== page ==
Case update | Capping of compensation payments under voluntary exit scheme was discrimination arising from a disability
The Employment Appeal Tribunal (EAT) has determined that the capping of a lump sum compensation paid to two police officers amounted to discrimination arising from a disability.
This case concerned two long serving police officers of Gwent Police who had been issued with ‘H1’ certificates. H1 certificates were awarded if a police officer was disabled from performing ordinary police duties, but could otherwise perform some functions. Possession of an H1 certificate enabled the holder to access a deferred pension immediately upon retiring, rather than having to wait to complete 25 years’ service or reach the age of 55. As the officers could still conduct some duties, they had not been permitted by the Chief Constable (CC) to retire on ill health grounds, so continued to work in back office roles and receive full pay.
As police officers are not technically employees, they cannot be made redundant. However, as part of austerity-era cost saving measures the CC was permitted to run a ‘voluntary exit scheme’ (the Scheme) which operated in essentially the same way as a voluntary redundancy scheme. Under the Scheme, officers were permitted to leave and receive one month’s pay for each year of service up to a maximum of 21 months. However, if an officer was already over retirement age, their compensation payment would be capped at 6 months’ pay.
The Claimants applied to exit under the Scheme and their applications were approved. Although they were both under retirement age and had not yet completed 25 years’ service, at the direction of the CC they were informed their payments would be subject to the 6-month cap. The CC’s reasoning was that, because upon leaving the Claimants could use their H1 certificate to claim their deferred pension, their payments should be capped in the same way as officers who had reached retirement age. This resulted in the Claimants receiving payments between £40,000 and £50,000 less than if the cap had not been applied.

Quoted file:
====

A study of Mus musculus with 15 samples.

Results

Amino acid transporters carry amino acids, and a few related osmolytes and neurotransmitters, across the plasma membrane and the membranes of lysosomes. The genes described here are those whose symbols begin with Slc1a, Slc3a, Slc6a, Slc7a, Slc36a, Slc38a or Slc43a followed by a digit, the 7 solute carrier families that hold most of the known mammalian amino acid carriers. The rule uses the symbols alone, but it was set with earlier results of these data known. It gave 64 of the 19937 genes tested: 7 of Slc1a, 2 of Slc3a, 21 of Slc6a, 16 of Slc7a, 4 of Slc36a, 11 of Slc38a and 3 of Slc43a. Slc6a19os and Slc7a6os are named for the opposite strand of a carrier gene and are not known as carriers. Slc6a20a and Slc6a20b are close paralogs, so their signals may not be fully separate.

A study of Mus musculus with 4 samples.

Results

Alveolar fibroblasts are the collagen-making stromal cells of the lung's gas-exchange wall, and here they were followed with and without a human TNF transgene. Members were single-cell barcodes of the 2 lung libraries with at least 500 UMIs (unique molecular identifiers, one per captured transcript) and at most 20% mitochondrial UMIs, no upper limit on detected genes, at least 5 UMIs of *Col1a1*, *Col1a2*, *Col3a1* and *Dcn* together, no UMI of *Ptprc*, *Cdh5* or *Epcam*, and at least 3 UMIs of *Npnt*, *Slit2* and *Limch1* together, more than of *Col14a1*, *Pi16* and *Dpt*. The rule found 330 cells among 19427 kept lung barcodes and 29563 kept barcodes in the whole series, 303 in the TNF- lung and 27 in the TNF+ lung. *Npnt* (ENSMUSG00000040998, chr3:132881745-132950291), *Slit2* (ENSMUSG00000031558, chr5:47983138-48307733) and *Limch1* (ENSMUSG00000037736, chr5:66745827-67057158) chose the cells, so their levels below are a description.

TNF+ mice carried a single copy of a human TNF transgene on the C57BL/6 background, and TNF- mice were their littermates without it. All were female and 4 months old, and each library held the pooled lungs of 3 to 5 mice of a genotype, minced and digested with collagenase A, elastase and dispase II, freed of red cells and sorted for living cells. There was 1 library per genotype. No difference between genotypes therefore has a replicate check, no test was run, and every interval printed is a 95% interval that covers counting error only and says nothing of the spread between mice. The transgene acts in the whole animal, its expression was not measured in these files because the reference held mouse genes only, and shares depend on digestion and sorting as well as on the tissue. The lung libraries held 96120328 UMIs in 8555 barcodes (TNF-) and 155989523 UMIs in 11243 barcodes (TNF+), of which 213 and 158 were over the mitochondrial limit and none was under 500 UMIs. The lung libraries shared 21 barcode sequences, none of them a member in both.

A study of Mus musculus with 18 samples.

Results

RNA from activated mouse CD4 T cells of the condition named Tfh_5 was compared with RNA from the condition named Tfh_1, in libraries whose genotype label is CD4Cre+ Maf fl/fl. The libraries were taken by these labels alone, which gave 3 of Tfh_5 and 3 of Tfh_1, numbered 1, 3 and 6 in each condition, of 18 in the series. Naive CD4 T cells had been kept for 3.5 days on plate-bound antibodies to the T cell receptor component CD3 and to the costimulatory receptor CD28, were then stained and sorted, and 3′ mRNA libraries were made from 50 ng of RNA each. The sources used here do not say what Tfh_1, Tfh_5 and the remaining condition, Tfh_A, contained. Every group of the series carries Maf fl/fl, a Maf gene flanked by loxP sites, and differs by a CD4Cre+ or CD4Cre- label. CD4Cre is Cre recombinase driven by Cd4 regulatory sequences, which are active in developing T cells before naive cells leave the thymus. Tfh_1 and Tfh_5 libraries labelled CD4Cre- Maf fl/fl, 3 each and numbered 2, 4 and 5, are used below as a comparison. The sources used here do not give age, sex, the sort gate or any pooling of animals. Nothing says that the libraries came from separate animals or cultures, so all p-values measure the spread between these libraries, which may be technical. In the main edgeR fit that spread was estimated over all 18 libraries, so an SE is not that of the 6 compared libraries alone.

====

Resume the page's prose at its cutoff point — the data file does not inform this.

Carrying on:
The Claimants brought a claim of discrimination arising from disability in the Employment Tribunal. At first instance, the Judge agreed that the decision to cap the payments to the Claimants was discriminatory. The CC had not been under an obligation to cap the payments and the decision to proceed with a cap was because of Claimants’ entitlement to a deferred pension under the H1 certificates, which had been issued because of the Claimants’ disabilities.
The CC appealed this finding to the EAT, arguing that any discrimination could be justified as a proportionate means of achieving a legitimate aim, namely to prevent the officers receiving a windfall of their deferred pension. The EAT did not agree and rejected the argument that compensation under the Scheme and payment of the pension were inextricably linked. Whilst avoiding a windfall can be a legitimate reason the CC had failed to provide sufficient information supporting their justification. In particular, no comparison had been made between the uncapped compensation the Claimants were entitled to under the Scheme and the pay that the officers would have received if they had stayed in post until retirement age.
Comment: This case is a reminder that, whilst preventing a windfall can be a legitimate aim in justifying discrimination arising from a disability, this needs careful thought as sufficient evidence demonstrating how such a windfall could be calculated needs to be presented by an employer in order for such a defence to be successful.